Two years ago, Dulcelina Silva’s backyard was not a safe place for her then 4-year-old autistic son Antonio to play. The sharp-edged remnants of an in-ground pool, overgrown brush and a dilapidated shed made the yard off-limits.
She feared the energetic, curious boy would be hit by a car darting into the street while playing in the front yard.
The single mother of four, who works in housekeeping at UMass Lowell, was kept awake at night worrying about the yard and other problems she could not afford to fix: drafty windows, a broken furnace, a busted fence. The 55-year-old three-bedroom, Colonial-style house on Burnham Road in the city’s Belvidere neighborhood, could use a paint job and some landscaping.
On April 24, 2010, 25 volunteers from Rebuilding Together Lowell descended upon her home. In one day’s work, a porch was built onto the back of the house, windows were replaced, the furnace was repaired, painting was done, soil was laid out front in preparation for planting, the fence was repairs and the backyard was cleared.
The house became a home again.
On that day, volunteers citywide installed 90 replacement windows in seven houses, re-shingled four houses, coordinated the installation of a chairlift by Mobility and More, as well as handled a variety of plumbing, roofing, painting and electrical projects.
Rebuilding Together Lowell was started as Christmas in April in 1997 by former City Councilor Peter Richards. Since being incorporated, the organization has completed about $1 million worth of repairs on more than 140 houses through the donation of more than 25,000 hours of work by 4,000-plus volunteers.
Applications for the 2013 build day (Saturday April 27) are now available, by clicking here: Application or by visiting the Lowell Senior Center on Broadway, the Neighborhood Services or Mayor’s Office at City Hall. The deadline to apply is October 31, but exceptions can be made.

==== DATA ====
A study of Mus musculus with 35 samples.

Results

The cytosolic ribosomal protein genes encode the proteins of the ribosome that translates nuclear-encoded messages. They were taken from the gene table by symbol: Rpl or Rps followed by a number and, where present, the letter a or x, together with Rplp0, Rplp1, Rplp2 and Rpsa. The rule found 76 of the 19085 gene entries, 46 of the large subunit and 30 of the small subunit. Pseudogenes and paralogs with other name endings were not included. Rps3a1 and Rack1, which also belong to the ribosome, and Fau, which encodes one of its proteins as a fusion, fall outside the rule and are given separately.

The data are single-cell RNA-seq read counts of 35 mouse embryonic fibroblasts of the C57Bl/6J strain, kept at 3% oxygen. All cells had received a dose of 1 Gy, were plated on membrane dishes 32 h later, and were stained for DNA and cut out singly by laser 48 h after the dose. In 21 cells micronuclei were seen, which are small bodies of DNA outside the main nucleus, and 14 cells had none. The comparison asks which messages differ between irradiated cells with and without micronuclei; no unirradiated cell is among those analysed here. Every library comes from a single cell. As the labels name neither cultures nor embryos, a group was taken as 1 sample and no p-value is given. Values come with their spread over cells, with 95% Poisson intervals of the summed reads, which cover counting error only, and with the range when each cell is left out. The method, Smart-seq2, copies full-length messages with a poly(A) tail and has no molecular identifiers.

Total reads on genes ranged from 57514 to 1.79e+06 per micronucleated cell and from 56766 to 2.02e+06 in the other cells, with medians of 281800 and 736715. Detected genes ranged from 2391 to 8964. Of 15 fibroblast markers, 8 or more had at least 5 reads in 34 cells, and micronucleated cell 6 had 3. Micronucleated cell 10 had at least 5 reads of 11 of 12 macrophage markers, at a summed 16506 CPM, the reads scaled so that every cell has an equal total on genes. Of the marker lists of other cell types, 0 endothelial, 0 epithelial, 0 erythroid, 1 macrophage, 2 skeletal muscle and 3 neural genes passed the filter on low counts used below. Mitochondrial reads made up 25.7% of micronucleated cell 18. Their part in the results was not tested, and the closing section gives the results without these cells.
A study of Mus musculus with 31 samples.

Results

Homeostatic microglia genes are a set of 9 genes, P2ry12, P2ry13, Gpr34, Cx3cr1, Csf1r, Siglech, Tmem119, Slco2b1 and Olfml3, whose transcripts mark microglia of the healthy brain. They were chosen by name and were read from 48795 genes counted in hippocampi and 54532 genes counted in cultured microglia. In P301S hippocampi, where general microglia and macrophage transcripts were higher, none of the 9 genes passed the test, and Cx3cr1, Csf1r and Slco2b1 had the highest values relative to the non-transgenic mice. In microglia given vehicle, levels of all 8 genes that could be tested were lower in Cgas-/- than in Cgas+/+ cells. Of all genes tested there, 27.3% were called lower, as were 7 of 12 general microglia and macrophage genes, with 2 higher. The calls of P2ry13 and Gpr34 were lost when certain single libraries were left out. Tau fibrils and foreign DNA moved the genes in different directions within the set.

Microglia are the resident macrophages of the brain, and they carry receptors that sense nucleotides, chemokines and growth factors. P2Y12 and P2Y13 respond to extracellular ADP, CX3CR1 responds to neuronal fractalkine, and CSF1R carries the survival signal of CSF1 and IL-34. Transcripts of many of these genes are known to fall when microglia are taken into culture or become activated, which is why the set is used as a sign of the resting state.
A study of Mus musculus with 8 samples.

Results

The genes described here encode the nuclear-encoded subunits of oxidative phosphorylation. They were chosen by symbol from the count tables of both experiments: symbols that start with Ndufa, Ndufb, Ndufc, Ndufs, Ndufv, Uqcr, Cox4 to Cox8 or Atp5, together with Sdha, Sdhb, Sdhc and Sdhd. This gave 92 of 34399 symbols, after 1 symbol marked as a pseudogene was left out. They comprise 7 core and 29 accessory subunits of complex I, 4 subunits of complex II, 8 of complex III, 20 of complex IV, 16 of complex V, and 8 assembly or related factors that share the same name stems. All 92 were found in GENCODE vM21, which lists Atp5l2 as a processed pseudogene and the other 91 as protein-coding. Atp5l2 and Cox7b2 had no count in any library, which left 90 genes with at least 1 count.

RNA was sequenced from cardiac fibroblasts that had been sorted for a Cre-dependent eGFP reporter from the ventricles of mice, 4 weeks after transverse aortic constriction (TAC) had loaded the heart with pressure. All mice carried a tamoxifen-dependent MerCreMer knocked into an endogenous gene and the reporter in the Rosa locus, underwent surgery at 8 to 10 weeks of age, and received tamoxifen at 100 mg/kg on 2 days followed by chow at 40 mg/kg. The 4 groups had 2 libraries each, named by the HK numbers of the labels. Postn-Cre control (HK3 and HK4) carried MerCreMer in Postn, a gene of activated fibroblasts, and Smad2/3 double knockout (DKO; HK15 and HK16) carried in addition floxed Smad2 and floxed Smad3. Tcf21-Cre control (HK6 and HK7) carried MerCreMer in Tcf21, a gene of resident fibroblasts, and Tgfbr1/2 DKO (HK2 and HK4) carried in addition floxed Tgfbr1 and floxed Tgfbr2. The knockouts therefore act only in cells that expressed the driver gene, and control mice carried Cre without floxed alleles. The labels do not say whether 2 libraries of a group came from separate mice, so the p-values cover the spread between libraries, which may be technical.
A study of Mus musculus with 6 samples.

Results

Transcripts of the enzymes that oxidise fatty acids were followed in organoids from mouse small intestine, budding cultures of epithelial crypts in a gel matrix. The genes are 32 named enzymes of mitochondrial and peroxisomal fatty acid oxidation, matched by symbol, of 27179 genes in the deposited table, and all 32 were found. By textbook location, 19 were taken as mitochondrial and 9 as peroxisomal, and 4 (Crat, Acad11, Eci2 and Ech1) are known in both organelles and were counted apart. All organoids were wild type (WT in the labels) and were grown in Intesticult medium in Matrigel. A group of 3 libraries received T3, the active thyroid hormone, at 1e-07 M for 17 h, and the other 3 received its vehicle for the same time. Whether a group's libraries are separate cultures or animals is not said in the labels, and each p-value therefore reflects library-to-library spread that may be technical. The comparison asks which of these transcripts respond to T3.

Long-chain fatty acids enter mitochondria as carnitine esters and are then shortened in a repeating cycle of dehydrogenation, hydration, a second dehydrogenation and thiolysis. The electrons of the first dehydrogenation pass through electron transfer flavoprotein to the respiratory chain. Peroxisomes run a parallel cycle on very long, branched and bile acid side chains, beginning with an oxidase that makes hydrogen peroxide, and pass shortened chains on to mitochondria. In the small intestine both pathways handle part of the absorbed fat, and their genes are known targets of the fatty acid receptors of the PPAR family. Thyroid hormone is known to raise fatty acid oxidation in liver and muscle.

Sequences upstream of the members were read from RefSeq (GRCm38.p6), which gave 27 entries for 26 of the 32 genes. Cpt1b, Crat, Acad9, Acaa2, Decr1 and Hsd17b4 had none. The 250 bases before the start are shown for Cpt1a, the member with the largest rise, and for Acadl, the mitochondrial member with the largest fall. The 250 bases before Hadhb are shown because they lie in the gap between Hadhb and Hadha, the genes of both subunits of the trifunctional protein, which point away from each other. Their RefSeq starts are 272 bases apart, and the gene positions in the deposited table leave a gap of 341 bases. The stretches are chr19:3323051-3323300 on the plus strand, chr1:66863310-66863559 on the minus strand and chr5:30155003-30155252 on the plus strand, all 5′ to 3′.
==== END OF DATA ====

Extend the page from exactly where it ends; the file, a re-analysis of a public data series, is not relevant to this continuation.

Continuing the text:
Low-income, elderly or disabled residents, veterans and families with children in Lowell who are unable to maintain their homes due to financial or physical constraints and have homeowners’ insurance are eligible to apply. Work is done by volunteers and with donated materials, at no cost to the homeowner.
But, of course the bills must be paid by someone.
In recent years, the community organization has run into some financial difficulties – donations and sponsorships have slowed.
Additionally, new EPA regulations regarding construction work on homes build before 1978 have limited grant opportunities for the organization.
The EPA’s Renovation, Repair and Painting rule, which went into effect April 22, 2010, requires improvement work done on a home, child-care facility or school built before 1978 in which lead-based paint may be disturbed, to be done or supervised by firms or individual contractors who are certified by the EPA to do so. Additionally, workers must follow strict work practices to prevent lead contamination, which add significant costs to the project and the man power required would limit the number of homes the volunteers could work on during build day.
The regulations apply to projects that are done for “compensation.” Targeted funding, such as grants available from Home Depot or Lowe’s is considered “compensation.”
Violations come at a price tag of $37,500 each.
In order to remain viable, Rebuilding Together Lowell needs the support of private donors and corporate sponsors.
Local people helping local people; keeping families, seniors and veterans in warm, safe homes in Lowell. There is no question as to where the donations go; visit a site on build day, the results are concrete (literally).
For more information about Rebuilding Together Lowell visit www.rtlowell.org. Donations ca be sent to Rebuilding Together Lowell P.O. Box 13 Lowell, Ma. 01853.
In the interest of full disclosure: I am a member of the Board of Directors of Rebuilding Together Lowell.